In a tiny OTR storefront, former website designer nurtures her budding new business

Gia and the Blooms ‘not a traditional flower shop'
Posted at 7:00 AM, Nov 21, 2016
and last updated 2016-11-21 08:30:22-05

CINCINNATI -- Anti-immigrant sentiment appears to be running high after the contentious presidential election, which makes stories like that of Yulia Bui especially hopeful.

In May, Bui opened a flower shop and plant store, Gia and the Blooms, in Over-the-Rhine. It’s named after her dog, Gia.

Born in Minsk, in the former Soviet republic of Belarus, the daughter of Polish and Lithuanian parents moved to the Tri-State in 2007 to get a degree in computer science from Northern Kentucky University.

After graduating, she worked four years as a website designer for a company in Florence. But after working long hours on one project and with another coming up, she decided she wasn’t cut out for a desk job.

Bui had always liked plants and found them relaxing, so in December 2015, she created her own website and began selling them online and running the business from her OTR apartment.

Business went well enough that she soon started looking for a brick-and-mortar site. She and her boyfriend spent about three months remodeling a small, 400-square-foot space at 114 E. 13th St., at 13th and Clay.

It’s probably the smallest shop in OTR, she said. But now, the walls are lined with shelves filled mostly with green plants. With a large couch overlooking the storefront window, it looks more like a family living room than a place of business.

“It’s not like a traditional flower shop,” she said, but more like a European shop with plants and flowers mixed together. It’s something she doesn’t see locally.

Kalee Taquino, foreground, prepares a flower arrangement at Gia and the Blooms while owner Yulia Bui works in the background. (Photo by Kevin Eigelbach)

For example, a customer recently wanted a dozen roses with carnations, but Bui had to say no because she doesn’t keep carnations in stock. As far as bouquets go, she makes a daily selection of what’s in season and what’s freshest, which she offers to customers.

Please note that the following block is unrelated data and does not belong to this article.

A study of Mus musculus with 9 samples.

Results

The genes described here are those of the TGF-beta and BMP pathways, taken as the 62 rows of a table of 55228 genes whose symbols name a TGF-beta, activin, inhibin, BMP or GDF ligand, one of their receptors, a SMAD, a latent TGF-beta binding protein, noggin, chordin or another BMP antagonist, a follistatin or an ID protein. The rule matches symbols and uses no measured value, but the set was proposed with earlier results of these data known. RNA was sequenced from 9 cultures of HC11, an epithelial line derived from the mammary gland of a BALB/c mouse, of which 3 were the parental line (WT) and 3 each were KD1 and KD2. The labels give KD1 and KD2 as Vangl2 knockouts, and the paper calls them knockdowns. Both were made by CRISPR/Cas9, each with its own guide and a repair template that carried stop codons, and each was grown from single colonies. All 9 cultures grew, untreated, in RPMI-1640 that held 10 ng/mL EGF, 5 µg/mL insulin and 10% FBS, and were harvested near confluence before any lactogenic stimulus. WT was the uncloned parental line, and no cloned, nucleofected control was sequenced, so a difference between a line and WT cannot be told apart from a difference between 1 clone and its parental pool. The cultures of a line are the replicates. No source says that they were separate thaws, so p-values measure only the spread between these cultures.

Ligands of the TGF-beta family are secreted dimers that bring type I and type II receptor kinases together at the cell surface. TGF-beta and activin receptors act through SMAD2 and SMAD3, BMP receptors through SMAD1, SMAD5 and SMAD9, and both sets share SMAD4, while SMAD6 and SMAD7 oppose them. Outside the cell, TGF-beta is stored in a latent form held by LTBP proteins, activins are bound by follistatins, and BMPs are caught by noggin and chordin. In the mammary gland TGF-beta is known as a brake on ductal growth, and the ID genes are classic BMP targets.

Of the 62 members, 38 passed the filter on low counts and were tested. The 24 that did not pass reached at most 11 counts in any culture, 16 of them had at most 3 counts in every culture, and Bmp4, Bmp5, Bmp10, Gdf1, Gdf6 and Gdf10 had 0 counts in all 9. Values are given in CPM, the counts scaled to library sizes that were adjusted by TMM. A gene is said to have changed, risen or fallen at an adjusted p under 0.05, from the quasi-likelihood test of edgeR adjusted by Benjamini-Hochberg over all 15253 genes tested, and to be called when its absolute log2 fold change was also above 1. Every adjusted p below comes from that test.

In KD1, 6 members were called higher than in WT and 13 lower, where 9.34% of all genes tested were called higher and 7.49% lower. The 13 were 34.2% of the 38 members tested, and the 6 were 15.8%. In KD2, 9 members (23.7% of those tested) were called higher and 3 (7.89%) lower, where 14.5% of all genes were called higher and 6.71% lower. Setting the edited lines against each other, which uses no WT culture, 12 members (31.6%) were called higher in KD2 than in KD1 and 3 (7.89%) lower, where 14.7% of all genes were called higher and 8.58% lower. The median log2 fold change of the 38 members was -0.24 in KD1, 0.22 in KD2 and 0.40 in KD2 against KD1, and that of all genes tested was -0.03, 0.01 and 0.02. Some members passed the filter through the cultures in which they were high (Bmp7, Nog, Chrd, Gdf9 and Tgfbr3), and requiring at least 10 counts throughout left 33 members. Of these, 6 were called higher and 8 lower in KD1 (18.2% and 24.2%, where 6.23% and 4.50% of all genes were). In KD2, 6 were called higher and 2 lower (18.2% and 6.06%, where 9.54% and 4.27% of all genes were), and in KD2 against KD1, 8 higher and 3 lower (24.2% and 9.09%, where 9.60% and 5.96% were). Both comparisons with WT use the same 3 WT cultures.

On her website, she says she’s applying her background in design and love of contemporary, clean aesthetics to create flower arrangements.

About 60 percent of business comes from special occasions such as weddings, and the other 40 percent from retail sales on the website and in store. Bui said she’s making a profit but declined to disclose revenue figures.

She also supplies flowers and plants to nearby businesses, such as the Urbana Café. On one recent day, her sole employee, Kalee Taquino, was freshening up some staghorn ferns that hang on the wall of a local beer garden.

Bui expects that business will pick up once two new businesses open up next door to the shop: a bar on the other side of 13th Street and a bakery on the other side of Clay Street.

When that happens, she can hire a full-time delivery person, she said.

Running this business has moved her outside her comfort zone, she said, because in website design, she got used to not talking to people. You can’t get away with that in retail.

“I was never a salesperson,” she said. “It’s interesting discovering different types of people, and what people need and want.”

Sometimes, she said, you have to figure out what they want – or tell them what they don’t know they want.

Hers is not the only flower shop in OTR. Just a few blocks away, at 1129 Walnut St., is the Eden Floral Boutique, which sells plants, flowers and gift items.

Owners Kelly Dragoo and Kelly Murphy moved into the Germania Building in 2010. Now, they get a lot of walk-in traffic from people who work Downtown and from OTR residents, Dragoo said, and they deliver throughout the Tri-State region.

Lots of new businesses and restaurants have opened up since they moved in. “We knew that OTR was up-and-coming, and we got in early,” Dragoo said.